Google announced some significant Adwords changes during the Google Performance Summit in May. While they have not given any specific dates for the updates to roll out it is well worth getting familiar with the new concepts.
Some Adwords Stats and Why Mobile is Everything
Most of the statistics that Google provide are specific to the US market. However, the UK follows the same trends and much of what they have experimented with the big US retailers they also trailed here in the UK.
During the Performance, Summit Google stated that they handle at least 2 trillion searches per year, although they don’t give any breakdown to that figure. However, it is known that more than half those searches happen on mobile. Which is massive for Adwords when you consider that the Adwords platform is a little over 15 years old and was built in a “desktop” age.
Additionally nearly half of all mobile searches on Google are location related. Location searches are growing at a faster rate than other mobile queries.
Think about people searching for “…. near me.”
So all of these changes have the mobile user/experience at their heart. In early 2016 Google removed the adverts that were displayed on the right-hand side of the page. Instead of showing 3 or 4 adverts at the top and three at the bottom of the page. This change was specifically aimed at harmonising the desktop/tablet/mobile experience.
Adwords Changes for 2016
- Expanded Text Ads
- Display ads get Responsive
- Specific Bid Adjustments for Device Types
- Local Ads for Google Maps
Expanded Text Ads
The format of the text ad has not significantly changed since the inception of Adwords. Currently, the text ad is made up of:
- 25 character headline
- Two 35 character description lines
- The display URL
- Optional extensions.
The new Adwords text format consists of:
- Two 30 character headlines
- One 80 character description line
- The display URL
- Optional extensions
In effect, many text adverts already had two headlines as with the correct use of punctuation it has been possible to show the headline and description line 1 on the same line. However, the available advert text moves up from a possible 95 characters to 140.
This is a huge change and will make bidding for the top 2 positions more important than ever. Currently, the search results page for a competitive search term contains four adverts at the top of the page. Assuming that remains the same the extra space that the new text ads take up will push everything else right to the bottom of a mobile screen.
No doubt Google will test this new format, but they expect it to roll out later this year. That has to mean in the next few months as it’s highly unlikely they would make such a significant change immediately before the main shopping seasons.
This means recreating ad creatives across entire campaigns.
Responsive Display Ads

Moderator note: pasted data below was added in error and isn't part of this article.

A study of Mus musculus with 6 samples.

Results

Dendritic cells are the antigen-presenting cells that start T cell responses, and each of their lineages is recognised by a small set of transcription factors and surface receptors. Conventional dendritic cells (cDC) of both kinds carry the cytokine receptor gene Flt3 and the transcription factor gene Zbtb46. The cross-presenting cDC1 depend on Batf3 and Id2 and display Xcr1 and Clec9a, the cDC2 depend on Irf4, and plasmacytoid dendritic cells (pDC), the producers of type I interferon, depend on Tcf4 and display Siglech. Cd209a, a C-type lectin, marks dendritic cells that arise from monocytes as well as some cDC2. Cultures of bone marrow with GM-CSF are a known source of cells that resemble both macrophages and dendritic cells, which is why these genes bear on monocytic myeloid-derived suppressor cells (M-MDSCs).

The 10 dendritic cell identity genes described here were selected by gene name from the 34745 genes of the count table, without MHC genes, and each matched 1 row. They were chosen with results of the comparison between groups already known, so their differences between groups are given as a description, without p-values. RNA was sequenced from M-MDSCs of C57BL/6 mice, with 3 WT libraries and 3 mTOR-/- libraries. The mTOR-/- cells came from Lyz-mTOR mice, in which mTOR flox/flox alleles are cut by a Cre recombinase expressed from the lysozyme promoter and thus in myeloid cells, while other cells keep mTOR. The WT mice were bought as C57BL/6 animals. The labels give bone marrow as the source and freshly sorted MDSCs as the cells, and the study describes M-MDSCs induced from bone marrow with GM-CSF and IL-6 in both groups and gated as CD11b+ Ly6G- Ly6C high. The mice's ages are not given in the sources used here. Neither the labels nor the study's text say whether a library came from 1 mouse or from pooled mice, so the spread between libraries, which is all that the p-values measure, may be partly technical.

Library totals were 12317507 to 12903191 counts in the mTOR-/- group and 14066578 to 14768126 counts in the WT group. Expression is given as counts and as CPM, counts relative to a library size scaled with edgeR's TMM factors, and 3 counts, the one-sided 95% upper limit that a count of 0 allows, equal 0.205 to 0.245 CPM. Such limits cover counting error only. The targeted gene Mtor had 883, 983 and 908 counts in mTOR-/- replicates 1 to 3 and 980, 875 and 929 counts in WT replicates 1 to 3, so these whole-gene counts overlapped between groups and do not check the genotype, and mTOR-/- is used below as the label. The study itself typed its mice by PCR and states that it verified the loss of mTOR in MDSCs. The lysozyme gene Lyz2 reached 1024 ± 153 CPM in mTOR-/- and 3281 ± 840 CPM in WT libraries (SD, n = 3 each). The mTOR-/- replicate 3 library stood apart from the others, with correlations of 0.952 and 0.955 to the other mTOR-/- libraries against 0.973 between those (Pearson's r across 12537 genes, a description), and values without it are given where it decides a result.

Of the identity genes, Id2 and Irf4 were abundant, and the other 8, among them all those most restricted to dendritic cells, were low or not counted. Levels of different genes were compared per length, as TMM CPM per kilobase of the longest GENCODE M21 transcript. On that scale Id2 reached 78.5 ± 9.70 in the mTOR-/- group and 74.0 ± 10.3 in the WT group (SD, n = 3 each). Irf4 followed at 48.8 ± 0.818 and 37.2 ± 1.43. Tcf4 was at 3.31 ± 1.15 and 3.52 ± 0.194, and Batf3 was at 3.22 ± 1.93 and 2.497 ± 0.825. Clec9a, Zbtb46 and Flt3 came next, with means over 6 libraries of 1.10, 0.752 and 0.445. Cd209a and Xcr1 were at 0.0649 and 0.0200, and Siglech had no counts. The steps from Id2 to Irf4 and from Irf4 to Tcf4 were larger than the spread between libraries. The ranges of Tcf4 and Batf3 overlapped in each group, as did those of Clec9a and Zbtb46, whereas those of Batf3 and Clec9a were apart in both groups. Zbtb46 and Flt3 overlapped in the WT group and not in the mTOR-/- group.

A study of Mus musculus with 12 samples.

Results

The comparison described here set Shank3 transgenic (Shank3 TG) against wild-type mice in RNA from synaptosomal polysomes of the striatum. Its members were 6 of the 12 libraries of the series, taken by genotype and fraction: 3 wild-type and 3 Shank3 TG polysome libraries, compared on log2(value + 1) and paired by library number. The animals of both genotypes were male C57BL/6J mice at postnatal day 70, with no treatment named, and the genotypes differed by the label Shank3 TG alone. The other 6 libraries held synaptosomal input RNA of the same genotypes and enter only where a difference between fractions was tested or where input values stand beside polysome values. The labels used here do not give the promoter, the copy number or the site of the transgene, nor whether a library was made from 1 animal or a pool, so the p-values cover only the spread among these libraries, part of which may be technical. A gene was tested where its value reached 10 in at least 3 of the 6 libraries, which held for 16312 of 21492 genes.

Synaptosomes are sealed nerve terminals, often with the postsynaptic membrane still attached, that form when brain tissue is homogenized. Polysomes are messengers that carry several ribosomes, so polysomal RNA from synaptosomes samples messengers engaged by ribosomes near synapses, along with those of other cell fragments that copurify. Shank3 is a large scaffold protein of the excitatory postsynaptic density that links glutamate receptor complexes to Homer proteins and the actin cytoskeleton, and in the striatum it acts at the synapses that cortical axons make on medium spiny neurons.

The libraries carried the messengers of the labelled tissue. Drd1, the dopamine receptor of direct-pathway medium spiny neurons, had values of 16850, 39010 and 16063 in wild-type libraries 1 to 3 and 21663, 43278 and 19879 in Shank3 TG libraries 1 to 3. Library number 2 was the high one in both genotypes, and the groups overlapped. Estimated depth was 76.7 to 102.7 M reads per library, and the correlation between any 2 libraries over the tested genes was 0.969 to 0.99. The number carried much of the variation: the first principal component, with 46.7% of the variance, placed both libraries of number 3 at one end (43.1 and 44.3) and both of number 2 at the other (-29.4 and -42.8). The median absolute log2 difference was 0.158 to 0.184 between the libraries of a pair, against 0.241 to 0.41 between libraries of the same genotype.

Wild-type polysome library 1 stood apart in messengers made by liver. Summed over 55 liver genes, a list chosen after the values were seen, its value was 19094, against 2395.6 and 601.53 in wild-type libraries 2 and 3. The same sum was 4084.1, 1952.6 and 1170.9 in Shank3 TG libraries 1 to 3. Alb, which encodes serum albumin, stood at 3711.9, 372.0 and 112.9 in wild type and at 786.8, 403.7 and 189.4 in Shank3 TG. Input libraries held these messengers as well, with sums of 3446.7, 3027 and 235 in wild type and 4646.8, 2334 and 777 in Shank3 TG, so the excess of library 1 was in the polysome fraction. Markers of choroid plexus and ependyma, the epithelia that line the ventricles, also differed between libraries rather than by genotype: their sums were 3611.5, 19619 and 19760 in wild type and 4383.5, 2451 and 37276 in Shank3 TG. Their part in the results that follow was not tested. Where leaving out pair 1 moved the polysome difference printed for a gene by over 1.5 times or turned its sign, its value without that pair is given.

Many small advertisers keep clear of display ads, partly because of the perceived complexity of selecting Ads creatives and sizing options.
In future advertisers will only have to provide one Image, the ad text (headline and description) and the target URL. Google will take care of how the advert displays on different devices.
Specific Bid Adjustments for Device Types
There has been an argument for creating specific campaigns for mobile rather than using the existing bid adjustments. Whether that is right or not probably depends on the point of view and circumstances.
In future, Google will allow you to bid more or less for desktop, tablet or mobile. The adjustment range is increased to 900%. So instead of having to gear the bid adjustments against desktop it will be possible to structure the bids relative to each device.
Local Ads for Google Maps
As so many mobile searchers have a local intent, it makes sense start including advertising within Google maps (promoted pins). This changes leverages the existing local extensions, but also expanding the information available to searchers from within maps. Aside from business location, and opening times it will also be possible to check stock levels and see special offers.
How will these Adwords changes affect Small Businesses
Theses changes are possibly the most significant updates to the Adwords platform since the system was created in 2000; reflecting how the internet is used in the mobile age.
The Adwords interface is also undergoing a redesign, although don’t expect to see that live for quite some time. It’s a massive undertaking, and while a demo was shown at the event, likelihood is that it won’t be widely available until the end of 2017.
While the system does allow business owners to manage their accounts, the frequency of Adwords changes highlight the importance of employing an Adwords Specialist, especially for advertisers in highly competitive markets.
Images are screenshots taken from the Innovations Keynote speech.